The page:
Doing the right thing

0
1127
Richard Rattue, MD, Compli-Serve SA

Ethics are more important than ever, and it’s at times when temptation may be high (to do the wrong thing, for the sake of the pay-out) that we need to remember the real bottom line. Some opportunities are simply not worth the risk. Covid-19 has put extra pressure on financial services professionals given market losses and high volatility. In a world where it’s hard to see even the immediate future, it can be even harder to keep ethics top of mind, particularly in times of desperation. However, it’s at these times that an ethical approach is paramount.

The most recent Edelman Trust Barometer clearly points out that ethics are three times more important than competence. But you will of course, need some competence to ensure you don’t lose sight of your ethics. 

The tough economy makes for tough decisions

Financial advisers may be faced with clients wanting to take risks, or wanting to pull out of investments, given the economic climate. Whatever the example, they may want to go against the advice provided. Going with your client’s decision, against your own better judgement, is seldom ever a risk worth taking. The potential commission, which may seem appealing for now, could seriously count against you in the end.

From an ethical standpoint, if faced with this type of situation, you need to seriously re-evaluate if you are working within the Treating Customers Fairly (TCF) principles. Is it ethical, or fair to support your client making this decision? These questions are still valid, even with Covid-19 throwing so many normalities into disarray. Retaining customers is crucial in a tough economy but they should be customers that you can trust too.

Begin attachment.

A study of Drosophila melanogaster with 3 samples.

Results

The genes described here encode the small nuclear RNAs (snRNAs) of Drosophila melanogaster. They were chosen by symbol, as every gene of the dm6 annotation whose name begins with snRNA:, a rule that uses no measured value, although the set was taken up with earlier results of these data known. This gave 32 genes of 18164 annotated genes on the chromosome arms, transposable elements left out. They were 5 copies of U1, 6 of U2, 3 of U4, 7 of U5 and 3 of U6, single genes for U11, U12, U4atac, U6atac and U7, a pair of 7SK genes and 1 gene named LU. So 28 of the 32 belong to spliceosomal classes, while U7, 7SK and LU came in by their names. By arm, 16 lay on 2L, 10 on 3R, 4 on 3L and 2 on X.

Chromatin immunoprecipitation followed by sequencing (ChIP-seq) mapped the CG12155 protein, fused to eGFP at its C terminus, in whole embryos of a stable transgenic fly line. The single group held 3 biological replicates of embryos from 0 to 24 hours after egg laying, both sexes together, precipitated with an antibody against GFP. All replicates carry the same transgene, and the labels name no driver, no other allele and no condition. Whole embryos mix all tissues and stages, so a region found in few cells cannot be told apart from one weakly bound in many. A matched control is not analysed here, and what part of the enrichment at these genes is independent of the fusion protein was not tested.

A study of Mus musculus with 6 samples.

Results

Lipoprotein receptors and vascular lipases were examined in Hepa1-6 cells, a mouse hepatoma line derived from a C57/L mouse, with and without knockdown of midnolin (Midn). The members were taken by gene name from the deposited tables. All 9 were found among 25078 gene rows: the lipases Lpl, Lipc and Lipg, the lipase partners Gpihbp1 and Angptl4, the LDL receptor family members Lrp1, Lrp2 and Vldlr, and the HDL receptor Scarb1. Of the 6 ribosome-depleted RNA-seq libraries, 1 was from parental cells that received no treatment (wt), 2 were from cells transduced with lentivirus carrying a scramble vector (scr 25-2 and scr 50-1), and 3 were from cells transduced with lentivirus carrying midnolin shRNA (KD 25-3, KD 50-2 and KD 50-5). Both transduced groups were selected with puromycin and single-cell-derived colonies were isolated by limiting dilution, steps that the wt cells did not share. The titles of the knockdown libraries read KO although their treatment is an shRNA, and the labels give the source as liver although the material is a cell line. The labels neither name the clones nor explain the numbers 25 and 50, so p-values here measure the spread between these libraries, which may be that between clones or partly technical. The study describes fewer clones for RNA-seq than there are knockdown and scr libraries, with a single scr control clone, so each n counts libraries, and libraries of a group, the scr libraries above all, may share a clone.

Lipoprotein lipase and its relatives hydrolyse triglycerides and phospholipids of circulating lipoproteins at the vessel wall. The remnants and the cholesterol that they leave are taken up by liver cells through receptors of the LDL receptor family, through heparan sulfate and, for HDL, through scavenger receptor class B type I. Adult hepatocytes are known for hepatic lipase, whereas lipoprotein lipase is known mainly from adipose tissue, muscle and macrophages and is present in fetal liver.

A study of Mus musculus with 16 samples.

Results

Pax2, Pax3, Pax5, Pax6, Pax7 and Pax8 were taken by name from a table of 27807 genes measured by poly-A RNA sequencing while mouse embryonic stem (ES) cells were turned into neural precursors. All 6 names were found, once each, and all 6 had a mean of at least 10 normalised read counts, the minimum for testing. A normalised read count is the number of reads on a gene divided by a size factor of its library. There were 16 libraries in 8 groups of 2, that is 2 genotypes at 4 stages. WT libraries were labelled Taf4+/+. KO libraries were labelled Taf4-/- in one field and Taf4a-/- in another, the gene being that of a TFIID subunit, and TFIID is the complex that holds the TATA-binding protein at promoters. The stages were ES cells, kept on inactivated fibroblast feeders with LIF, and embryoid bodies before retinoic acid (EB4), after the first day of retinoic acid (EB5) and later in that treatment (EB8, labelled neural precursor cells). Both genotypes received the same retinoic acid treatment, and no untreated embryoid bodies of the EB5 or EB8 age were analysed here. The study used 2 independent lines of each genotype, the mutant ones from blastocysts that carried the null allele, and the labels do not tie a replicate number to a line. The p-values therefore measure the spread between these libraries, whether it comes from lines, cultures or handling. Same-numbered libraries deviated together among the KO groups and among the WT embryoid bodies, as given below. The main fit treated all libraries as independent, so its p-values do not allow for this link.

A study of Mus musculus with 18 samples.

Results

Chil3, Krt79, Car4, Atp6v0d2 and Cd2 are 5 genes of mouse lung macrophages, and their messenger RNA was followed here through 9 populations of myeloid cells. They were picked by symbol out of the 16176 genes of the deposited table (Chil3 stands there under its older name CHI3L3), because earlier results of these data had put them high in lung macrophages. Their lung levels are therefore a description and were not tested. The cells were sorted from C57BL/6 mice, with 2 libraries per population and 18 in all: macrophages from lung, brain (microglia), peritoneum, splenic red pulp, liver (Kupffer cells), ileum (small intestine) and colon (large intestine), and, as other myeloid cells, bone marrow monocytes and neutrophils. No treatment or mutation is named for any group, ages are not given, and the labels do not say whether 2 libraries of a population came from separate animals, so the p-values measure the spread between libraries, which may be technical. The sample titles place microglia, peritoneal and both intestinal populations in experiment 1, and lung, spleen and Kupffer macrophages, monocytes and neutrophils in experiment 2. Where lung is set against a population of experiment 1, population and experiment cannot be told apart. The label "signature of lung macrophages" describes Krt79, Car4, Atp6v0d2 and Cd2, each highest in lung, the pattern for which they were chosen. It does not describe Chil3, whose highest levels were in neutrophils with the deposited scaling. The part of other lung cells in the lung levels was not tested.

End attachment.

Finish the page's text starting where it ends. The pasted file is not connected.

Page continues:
It may take some tough love

In some cases, it may be better to walk away from a client, if they prove to be too risky to stand by. This is certainly a difficult decision, particularly in an uncertain economy. But it is much better to lose a client that could cost you more than they can make you.  As an adviser, you don’t have the final say in what your client actions, so a risky client is best avoided altogether.

Imagine your client’s investment doesn’t pay off and despite acknowledging your advice against making the investment, they lay a claim against you for their losses. Money is emotionally driven, and big losses can cause clients to act out. You can very quickly get caught up in a costly nightmare, worse than you could imagine. 

The Ombudsman won’t only look at the contract to assess liability. They will look at your ethics, taking TCF into account.  Your clients should trust that their fair treatment is central to your company culture, and in particular that you are honouring Outcome 4 – Suitable Advice. If your client wants to ignore your advice, you should have that clearly documented.  

For the record

In any advice transaction, you need to keep a record. Doing the right thing means consistently recording your activities, and these can also be the very same documents, or emails that could help prove you didn’t go along with your client taking bad advice.

Incorporating the TCF principles into your business will pay dividends and should give you the high ground in the event of a vexatious client complaint.

Doing the right thing, especially in a crisis like the coronavirus has brought about, is the ultimate test and time to show your true colours. But remember, when it comes to compliance, it is only black or white; there are no grey areas.